Two beachcombers with a yacht join woman-with-a-past Rita on a quest for black pearls on a secret island. Arrived, they find another white man has made himself high priest; but George, the ... See full summary »
Gangster Shoots Magiz is the producer of the show in which Mary is appearing. She marries him even though she can't stand a thing about him, knowing that in his business he may not be ... See full summary »
A young American girl visits Paris accompanied by her fiancee and her wealthy uncle. There she meets and is romanced by a worldly novelist; what she doesn't know is that he is a blackmailer who is using her to get to her uncle.
Simon Belin is an actor touring the provinces with his company. Although talented he has never been given the opportunity to shine on stage. It is always Bérimont, a matinée idol past his ... See full summary »
To impress his fiancee's aunt, a young man tries to become king in a small kingdom, but the people there have already crowned one, who has won this honor by gambling. So he plans a coup ... See full summary »
A lonely, mentally unbalanced woman invents a fictitious daughter and has the "daughter" write to a Marine stationed in the South Pacific. When the soldier returns back to the States, he ... See full summary »
An outlaw murders several Apaches and flees to a stagecoach way station with the tribe in hot pursuit. A stagecoach and its passengers have just pulled into the station, as has the ... See full summary »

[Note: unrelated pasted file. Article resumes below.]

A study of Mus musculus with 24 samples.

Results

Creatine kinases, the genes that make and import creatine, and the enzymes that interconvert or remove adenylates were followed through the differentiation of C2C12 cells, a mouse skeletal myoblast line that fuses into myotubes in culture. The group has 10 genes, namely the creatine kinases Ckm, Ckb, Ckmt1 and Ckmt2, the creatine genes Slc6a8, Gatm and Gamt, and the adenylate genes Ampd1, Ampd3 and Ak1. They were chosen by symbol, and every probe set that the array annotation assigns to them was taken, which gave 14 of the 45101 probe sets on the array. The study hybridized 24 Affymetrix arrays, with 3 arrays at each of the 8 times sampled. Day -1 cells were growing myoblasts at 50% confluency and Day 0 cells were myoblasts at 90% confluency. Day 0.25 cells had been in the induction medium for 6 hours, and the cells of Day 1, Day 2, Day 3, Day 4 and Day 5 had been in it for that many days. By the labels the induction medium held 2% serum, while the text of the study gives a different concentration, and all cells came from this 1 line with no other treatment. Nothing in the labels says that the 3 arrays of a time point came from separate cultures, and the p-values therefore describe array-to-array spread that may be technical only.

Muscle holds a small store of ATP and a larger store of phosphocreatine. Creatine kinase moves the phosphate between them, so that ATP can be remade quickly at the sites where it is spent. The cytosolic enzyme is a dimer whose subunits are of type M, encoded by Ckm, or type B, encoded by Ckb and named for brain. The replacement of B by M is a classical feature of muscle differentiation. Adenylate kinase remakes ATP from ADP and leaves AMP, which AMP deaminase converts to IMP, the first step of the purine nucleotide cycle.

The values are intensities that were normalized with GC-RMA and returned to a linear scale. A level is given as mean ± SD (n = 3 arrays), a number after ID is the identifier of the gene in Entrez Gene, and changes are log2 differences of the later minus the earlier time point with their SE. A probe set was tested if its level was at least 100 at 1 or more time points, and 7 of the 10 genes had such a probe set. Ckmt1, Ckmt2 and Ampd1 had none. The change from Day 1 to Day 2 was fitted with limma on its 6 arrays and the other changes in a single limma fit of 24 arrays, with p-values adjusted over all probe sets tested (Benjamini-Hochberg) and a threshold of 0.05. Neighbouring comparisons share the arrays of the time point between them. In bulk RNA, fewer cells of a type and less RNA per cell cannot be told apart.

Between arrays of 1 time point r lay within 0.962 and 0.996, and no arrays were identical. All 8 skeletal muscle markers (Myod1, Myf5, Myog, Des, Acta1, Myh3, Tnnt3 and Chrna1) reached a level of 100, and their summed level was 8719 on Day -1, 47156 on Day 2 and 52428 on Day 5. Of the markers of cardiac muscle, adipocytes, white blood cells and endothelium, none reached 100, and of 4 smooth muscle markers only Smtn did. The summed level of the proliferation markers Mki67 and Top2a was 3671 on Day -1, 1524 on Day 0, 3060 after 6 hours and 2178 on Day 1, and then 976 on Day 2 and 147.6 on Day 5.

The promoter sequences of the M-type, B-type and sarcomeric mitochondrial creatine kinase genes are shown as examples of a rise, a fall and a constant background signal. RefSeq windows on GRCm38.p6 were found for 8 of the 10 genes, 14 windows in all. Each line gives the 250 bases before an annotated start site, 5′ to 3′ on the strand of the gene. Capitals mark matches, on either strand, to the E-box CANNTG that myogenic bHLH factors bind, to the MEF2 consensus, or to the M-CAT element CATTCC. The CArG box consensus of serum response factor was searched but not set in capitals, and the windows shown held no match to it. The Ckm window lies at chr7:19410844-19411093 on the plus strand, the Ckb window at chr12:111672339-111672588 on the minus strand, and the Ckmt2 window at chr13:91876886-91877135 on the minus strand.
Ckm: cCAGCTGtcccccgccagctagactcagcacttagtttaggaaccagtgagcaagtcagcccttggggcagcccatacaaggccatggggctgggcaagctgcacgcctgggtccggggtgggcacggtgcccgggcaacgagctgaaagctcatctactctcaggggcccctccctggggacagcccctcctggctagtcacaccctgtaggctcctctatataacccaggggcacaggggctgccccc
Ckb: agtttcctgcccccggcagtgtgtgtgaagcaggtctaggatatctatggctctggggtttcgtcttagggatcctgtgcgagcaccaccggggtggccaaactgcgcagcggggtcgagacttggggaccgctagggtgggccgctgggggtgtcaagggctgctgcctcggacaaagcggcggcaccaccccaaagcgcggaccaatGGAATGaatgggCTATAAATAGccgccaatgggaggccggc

Harold F. Kress
In an early bit of dialogue, Gene Raymond's character listens to his parents say he shouldn't marry a blues singer, and he replies, "Whom should I marry - Schumann-Heink?," referring to a famous opera singer who had just retired in 1932. Ironically, when Raymond himself married in 1937 his bride was an opera singer as well as a movie star: Jeanette MacDonald. See more »
Gene Raymond and Carole Lombard, both 25, star in one of the abundant upper crust society pictures made in the early 1930s. Raymond is Rodney Deane, and brings singer Abbey Fane (Lombard) home to meet the family. Abbey is quite cordial to Deane's family, but they are less than enthusiastic to meet her, and things go downhill from there. Lombard had been in films, silents & talkies, for 10 years already, so she is a little more polished here. No real surprises in this one; they needed a comical sidekick, like Edward Everett Horton, or Eric Blore to spice things up. In this one, Abbey does have a sidekick "Steve" (Arthur Hohl) , but he has a small, bland part. She would also make Lady by Choice with Hohl, and Mr. & Mrs. Smith with G. Raymond. A pleasant little film, all neatly wrapped up in an hour & 10 minutes. The film production code must have kicked in already at Columbia Pictures, since it is scrubbed clean of any naughty lines or double entendres. Lombard even sings a song (as of today, its not listed in the "soundtracks" section yet.. anyone know that song?) Good to see performances by Lombard and Raymond, but it is light fluff, and the actors weren't challenged.